Saturday, September 23

Green And Sustainable Pharmacy PDF Free

The book Green And Sustainable Pharmacy is written by Klaus Kümmerer and Maximilian Hempel. The book Green And Sustainable Pharmacy you can download free in pdf format. In recent years, pharmaceuticals have become environmental pollutants (see, for example, Kümmerer, K. editor: Pharmaceuticals in the Environment). At the same time, the topic of sustainable chemistry gained momentum. Bringing both together would result in a sustainable pharmacy. Sustainable pharmacy is a totally new topic and approach. It addresses the environmental, economic, and social aspects of pharmacy. At the current stage, the focus will be on environmental issues throughout the entire life cycle of a pharmaceutical entity. These are resource and energy inputs, but also waste issues, for example during the synthesis and production of an active pharmaceutical ingredient.

In addition, it would also consider the compounds themselves and will aim to improve the degradability of compounds after use in the environment in order to reduce the environmental risk caused by pharmaceuticals in the environment. Another problem is people who use pharmaceuticals, such as pharmacists, doctors, and patients. How can they contribute to more efficient use of pharmaceuticals with less environmental burden and less risk to drinking water? The book “Sustainable Pharmacy” will address all these questions and will be the first to deal with this important topic.  


Book Name Green and Sustainable Pharmacy
Author of Book Klaus Kümmerer and Maximilian Hempel
Language English
Format PDF
Category Pharmaceuticals Books


Overview of Green And Sustainable Pharmacy PDF Free

According to Klaus Kümmerer and Maximilian Hempel pharmaceuticals are an indispensable part of our modern times, enabling a high quality of life and longer life expectancy. Recent years have shown that pharmaceuticals leave a partially unchanged impact on the environment after use. Since they are only incompletely removed by wastewater treatment, they are still found in significant concentrations in the aquatic environment and in drinking water. Seen from a human toxicological point of view, the concentrations do not give cause for concern, however, they are nonetheless a serious environmental problem. In addition, we know that pharmaceutical production is associated with a high consumption of energy and resources and the appearance of relatively large volumes of waste. In general, it appears that the production and use of pharmaceuticals can have significant environmental impacts. Therefore, it is logical to continue with the question of how pharmacy and the pharmaceutical industry can be more sustainable.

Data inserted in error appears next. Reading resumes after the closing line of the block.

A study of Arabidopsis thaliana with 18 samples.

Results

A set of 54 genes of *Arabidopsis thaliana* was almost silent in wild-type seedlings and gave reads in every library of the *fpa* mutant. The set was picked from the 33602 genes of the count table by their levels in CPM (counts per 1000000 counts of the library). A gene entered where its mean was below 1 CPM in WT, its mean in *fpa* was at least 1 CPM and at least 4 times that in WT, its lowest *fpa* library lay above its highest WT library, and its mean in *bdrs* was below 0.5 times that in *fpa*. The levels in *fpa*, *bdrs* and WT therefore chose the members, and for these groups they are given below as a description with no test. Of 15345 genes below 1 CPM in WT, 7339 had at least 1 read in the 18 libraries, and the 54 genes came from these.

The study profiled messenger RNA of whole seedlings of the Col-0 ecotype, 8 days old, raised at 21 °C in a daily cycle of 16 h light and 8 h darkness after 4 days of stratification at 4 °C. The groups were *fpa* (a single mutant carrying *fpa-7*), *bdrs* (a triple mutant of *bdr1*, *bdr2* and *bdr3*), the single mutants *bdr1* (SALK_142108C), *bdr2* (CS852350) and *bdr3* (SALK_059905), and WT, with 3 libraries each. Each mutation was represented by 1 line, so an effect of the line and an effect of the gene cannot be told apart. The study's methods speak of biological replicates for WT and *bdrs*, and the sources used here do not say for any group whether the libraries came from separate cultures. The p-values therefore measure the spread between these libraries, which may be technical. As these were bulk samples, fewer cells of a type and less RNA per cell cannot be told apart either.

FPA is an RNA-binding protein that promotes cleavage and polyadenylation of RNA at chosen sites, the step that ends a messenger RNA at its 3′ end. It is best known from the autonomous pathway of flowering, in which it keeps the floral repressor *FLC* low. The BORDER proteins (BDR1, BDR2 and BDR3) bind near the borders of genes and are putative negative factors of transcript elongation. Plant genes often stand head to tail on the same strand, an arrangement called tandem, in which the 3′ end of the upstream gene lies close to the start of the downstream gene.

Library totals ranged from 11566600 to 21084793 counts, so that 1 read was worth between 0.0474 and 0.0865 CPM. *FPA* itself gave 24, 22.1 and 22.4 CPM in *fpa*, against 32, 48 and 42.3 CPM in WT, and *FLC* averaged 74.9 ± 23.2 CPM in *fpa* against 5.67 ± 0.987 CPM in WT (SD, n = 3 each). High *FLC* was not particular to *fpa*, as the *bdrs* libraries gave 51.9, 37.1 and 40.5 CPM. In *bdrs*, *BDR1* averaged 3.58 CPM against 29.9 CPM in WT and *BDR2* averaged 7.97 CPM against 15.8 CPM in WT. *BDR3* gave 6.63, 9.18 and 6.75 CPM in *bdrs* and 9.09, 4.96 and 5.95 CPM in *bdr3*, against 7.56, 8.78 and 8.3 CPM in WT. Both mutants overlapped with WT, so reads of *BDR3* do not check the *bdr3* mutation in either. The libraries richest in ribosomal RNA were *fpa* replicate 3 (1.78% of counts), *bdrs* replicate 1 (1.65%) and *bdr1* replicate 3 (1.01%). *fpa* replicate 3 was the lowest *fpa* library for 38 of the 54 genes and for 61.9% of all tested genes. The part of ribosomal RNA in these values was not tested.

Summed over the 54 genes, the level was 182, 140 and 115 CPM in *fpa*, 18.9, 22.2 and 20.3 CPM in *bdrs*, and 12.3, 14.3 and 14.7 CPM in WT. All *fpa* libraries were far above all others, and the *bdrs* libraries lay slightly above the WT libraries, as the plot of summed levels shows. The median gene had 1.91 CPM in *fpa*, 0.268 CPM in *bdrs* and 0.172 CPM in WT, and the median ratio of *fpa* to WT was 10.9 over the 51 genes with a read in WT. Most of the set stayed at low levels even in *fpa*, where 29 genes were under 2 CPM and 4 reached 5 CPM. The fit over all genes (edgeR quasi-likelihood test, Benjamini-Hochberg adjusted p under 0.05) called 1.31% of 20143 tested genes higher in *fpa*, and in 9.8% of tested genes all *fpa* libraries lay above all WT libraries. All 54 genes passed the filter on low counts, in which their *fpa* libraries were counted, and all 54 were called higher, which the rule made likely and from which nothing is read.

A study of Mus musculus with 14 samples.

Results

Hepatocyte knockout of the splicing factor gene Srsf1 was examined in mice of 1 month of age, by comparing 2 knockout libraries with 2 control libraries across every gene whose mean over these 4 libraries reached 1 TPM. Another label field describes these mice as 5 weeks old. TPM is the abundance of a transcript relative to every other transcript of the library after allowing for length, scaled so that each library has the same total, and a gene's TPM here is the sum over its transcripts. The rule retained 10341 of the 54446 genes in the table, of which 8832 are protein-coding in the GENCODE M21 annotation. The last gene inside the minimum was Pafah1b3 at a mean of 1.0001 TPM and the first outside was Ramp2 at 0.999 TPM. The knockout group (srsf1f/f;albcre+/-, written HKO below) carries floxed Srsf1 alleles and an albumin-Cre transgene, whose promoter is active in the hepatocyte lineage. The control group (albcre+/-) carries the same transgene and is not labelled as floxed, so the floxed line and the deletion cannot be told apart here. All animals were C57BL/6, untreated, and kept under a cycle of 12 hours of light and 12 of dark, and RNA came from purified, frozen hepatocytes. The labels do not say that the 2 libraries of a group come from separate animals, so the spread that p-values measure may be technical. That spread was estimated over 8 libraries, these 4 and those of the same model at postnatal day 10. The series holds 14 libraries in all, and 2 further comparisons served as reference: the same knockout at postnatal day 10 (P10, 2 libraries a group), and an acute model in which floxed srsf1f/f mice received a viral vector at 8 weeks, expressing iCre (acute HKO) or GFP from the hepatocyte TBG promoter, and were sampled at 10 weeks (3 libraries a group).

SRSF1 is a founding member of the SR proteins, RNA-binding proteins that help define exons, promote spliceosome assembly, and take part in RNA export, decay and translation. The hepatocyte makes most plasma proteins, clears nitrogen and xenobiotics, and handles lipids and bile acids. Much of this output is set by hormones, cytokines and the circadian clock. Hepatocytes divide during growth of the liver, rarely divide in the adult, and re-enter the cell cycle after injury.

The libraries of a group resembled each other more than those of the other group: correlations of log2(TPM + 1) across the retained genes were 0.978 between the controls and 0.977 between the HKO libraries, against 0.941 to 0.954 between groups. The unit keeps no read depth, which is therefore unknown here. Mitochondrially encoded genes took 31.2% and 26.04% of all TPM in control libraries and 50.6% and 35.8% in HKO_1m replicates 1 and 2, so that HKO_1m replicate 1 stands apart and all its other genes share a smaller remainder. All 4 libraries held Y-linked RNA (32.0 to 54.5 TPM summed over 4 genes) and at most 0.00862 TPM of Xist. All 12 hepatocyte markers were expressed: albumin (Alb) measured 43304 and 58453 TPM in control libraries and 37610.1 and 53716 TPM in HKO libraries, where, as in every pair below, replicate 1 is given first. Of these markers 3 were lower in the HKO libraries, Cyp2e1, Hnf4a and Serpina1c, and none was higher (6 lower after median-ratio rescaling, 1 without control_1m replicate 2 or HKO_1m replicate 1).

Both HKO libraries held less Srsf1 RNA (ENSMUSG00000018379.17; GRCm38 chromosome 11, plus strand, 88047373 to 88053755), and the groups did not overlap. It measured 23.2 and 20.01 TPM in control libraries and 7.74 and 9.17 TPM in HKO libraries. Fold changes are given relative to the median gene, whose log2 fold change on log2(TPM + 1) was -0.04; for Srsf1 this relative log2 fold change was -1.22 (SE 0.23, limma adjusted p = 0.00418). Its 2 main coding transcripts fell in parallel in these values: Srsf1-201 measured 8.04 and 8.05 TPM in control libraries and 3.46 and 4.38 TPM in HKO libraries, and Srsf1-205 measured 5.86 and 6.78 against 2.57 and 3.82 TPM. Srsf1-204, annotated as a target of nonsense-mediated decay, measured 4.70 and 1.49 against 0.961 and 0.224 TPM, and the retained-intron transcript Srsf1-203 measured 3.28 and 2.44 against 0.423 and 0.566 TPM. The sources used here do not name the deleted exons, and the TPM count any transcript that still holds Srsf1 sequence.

The first reports on the presence of pharmaceuticals in the environment were published in the early 1970s, but it was not until better analytical instruments became available that scientists began to develop a real interest in the subject. When concern about the presence of pharmaceuticals in drinking water began to grow in the 1990s, the topic also aroused greater interest among the general public. Since then, pharmaceuticals in the environment have continued to be a “hotbed” of interest, as evidenced by the large number of publications (for an overview see the book “Pharmaceuticals in the Environment. Sources Fate Effects and Risk” , Springer Publisher).

Topics of this Edition

Why Green and Sustainable Pharmacy? / Klaus Kümmerer —
Pharmaceuticals in the Environment: Moving from a Problem to a Solution / John P. Sumpter —
Pharmaceuticals in Society / David J. Triggle —
Green(er) Pharmacy / James H. Clark, Simon W. Breeden, Louise Summerton —
Creating a Sustainability Culture —
A (Human Resources) Management Perspective for Sustainable Pharmacy / Michael Läufer —
Reducing the Ecological Footprint of Pharmaceutical Usage: Linkages Between Healthcare Practices and the Environment / Christian G. Daughton, Ilene S. Ruhoy —
Ecopharmacostewardship —
A Pharmaceutical Industry Perspective / David Taylor —
Protein and Peptide Therapeuticals: An Example of “Benign by Nature” Active Pharmaceutical Ingredients / Jürg Oliver Straub —
Rational Design of Molecules by Life Cycle Engineering / Klaus Kümmerer —
Options for a More Environmentally Friendly Handling of Pharmaceuticals / Konrad Götz, Jutta Deffner —
Disposal of Pharmaceutical Waste in Households: A European Survey / Gerald Vollmer —
Pharmaceutical Waste: The Patient Role / Staffan Castensson, Anders Ekedahl —
Forecast of Pharmaceutical Consumption in the Netherlands Using Demographic Projections / Monique van der Aa, Geertjan Kommer —
Point Sources of Human Pharmaceuticals into the Aquatic Environment / Kevin V. Thomas, Katherine H. Langford —
Pharmaceuticals for Human Use: An Integrated Strategy for Reducing the Contamination of Water Bodies / Florian Keil —
Experiences with the Swedish Environmental Classification Scheme / Åke Wennmalm, Bo Gunnarsson —
European Regulations / Eleftheria Kampa, Thomas Dworak, Cornelius Laaser, Rodrigo Vidaurre —
Regulation and the Market-Incentives / Benoît Roig, Evelyne Touraud —
Do Pharmaceuticals in the Environment Present an Investment Risk? / Andreas Holzer —
Sustainable Health Products and Service Solutions in the Year 2050 / Ludwig Metz, Klaus Kümmerer —
Summary and Outlook / Klaus Kümmerer, Maximilian Hempel, Hans-Christian Schaefer, Florian Keil.